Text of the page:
Up Front: September 2010
Forged by a half-billion years of folding and faulting from continents colliding, heat so intense it lends credence to the concept of hell and pressure that stretched, twisted and thrust them to the surface to be scoured by glaciers, the rocks that ring Orr’s Island are still a work in progress, worn by waves that pound them, etched by ceaseless tides scratching their crevices. But the lawn in front of Seaforth, the old house whose wavy-glazed windows stare past pine and hemlock at those rocks and the sea beyond, is but a wink in time, a chore that has taken barely a century.
Built in 1898, the three-story, eight-bedroom house, capped by a widow’s walk, is exactly what you would imagine a summer place should be. My friend Doug Warren’s great-grandfather bought it and 25 acres for $6,500 in 1927. For nearly 20 years now, Jane and I have been frequent guests, and for all the delights coastal Maine has to offer, nothing is better than hanging around the house, lounging on the massive front porch, catching up with a small group of old friends we usually see only then, enjoying the long, leisurely, communally cooked meals and, in my case, engaging in afternoon bouts of cutthroat croquet. Since the lawn lies upon a thin skin of soil atop the rock, the field of battle — the contests’ epic aspect often depends on the kind and quantity of refreshment the participants partake — is heir to what the recent weather has wrought. This year, the fault was not in where but with what the game was played. The mallets, like stock traders of late, kept losing their heads.
Even before we arrived, four of a set’s six had snapped, most where the handle screwed in. The morning after we arrived, Doug drove into Freeport to buy another set. Before the day was out, one from it broke, soon followed by another. The surprising thing is that these were not cheap sets: Each cost about $135. And since they came from L.L. Bean — headquartered only a half-hour away — you would have thought they would have been made from close-grained maple, maybe from a tree in a Vermont forest that had for decades surrendered its sap for syrup. Such is the power of a brand’s image. But they were made in China, a fact, I confess, I took some comfort in, figuring that, if this be the quality of that country’s woodworking, North Carolina must surely win back its furniture industry — unless consumers were willing to settle for casegoods no more substantial than cardboard boxes.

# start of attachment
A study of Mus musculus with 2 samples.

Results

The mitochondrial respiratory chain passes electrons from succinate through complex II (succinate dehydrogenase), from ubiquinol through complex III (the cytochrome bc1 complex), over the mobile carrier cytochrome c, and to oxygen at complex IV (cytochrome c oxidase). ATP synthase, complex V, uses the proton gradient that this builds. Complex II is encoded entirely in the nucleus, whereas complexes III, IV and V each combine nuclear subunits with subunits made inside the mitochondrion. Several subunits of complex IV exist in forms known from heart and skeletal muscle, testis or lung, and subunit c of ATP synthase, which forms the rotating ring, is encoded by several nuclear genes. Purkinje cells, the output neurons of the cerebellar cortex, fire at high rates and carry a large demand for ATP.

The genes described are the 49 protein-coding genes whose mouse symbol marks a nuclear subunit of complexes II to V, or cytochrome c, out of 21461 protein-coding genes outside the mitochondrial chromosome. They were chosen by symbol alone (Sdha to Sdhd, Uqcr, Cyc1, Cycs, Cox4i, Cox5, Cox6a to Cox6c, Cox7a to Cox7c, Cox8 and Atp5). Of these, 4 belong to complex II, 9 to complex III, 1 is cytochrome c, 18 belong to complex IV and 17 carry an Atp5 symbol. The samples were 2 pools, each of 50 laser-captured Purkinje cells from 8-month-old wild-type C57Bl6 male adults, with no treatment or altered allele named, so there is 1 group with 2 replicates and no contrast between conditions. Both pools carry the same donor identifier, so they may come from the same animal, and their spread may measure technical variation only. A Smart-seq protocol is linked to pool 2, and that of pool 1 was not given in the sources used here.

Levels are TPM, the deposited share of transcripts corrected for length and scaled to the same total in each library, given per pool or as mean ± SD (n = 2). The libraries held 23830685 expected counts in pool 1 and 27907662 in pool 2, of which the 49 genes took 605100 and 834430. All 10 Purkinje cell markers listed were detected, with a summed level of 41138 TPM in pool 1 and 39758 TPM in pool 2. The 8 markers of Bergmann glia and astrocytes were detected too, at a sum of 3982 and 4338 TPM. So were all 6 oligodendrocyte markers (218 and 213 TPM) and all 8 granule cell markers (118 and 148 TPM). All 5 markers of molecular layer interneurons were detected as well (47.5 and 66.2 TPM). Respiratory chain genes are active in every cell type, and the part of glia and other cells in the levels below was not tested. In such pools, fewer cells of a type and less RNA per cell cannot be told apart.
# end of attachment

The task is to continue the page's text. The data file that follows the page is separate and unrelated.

On our last day at Seaforth, Doug and I braved the mob scene that is Freeport in summer — our outlet centers seem serene by comparison — to return the set he had bought. There was no problem. “You need a refund,” the clerk told him. Bean stands behind what it sells; the retailer has built a global reputation on that guarantee, which goes back to the time its founder peddled his first pair of hunting boots in 1912. But there is something more at stake here. There’s only one reason Leon L. Bean could make that promise: He believed in the quality of his product. To protect its brand, a business must do more than just flinch at its flaws — for example, the “billions” that came out “millions” in reporting BB&T’s assets in our July cover story or “Riverview” morphing into “Riverside” in two references in last month’s — it must do its best to make sure they are not repeated. There is great merit in making amends but not as much as in making something right in the first place. Only then can a brand hope to endure, like those rocks, regardless of what forces it faces.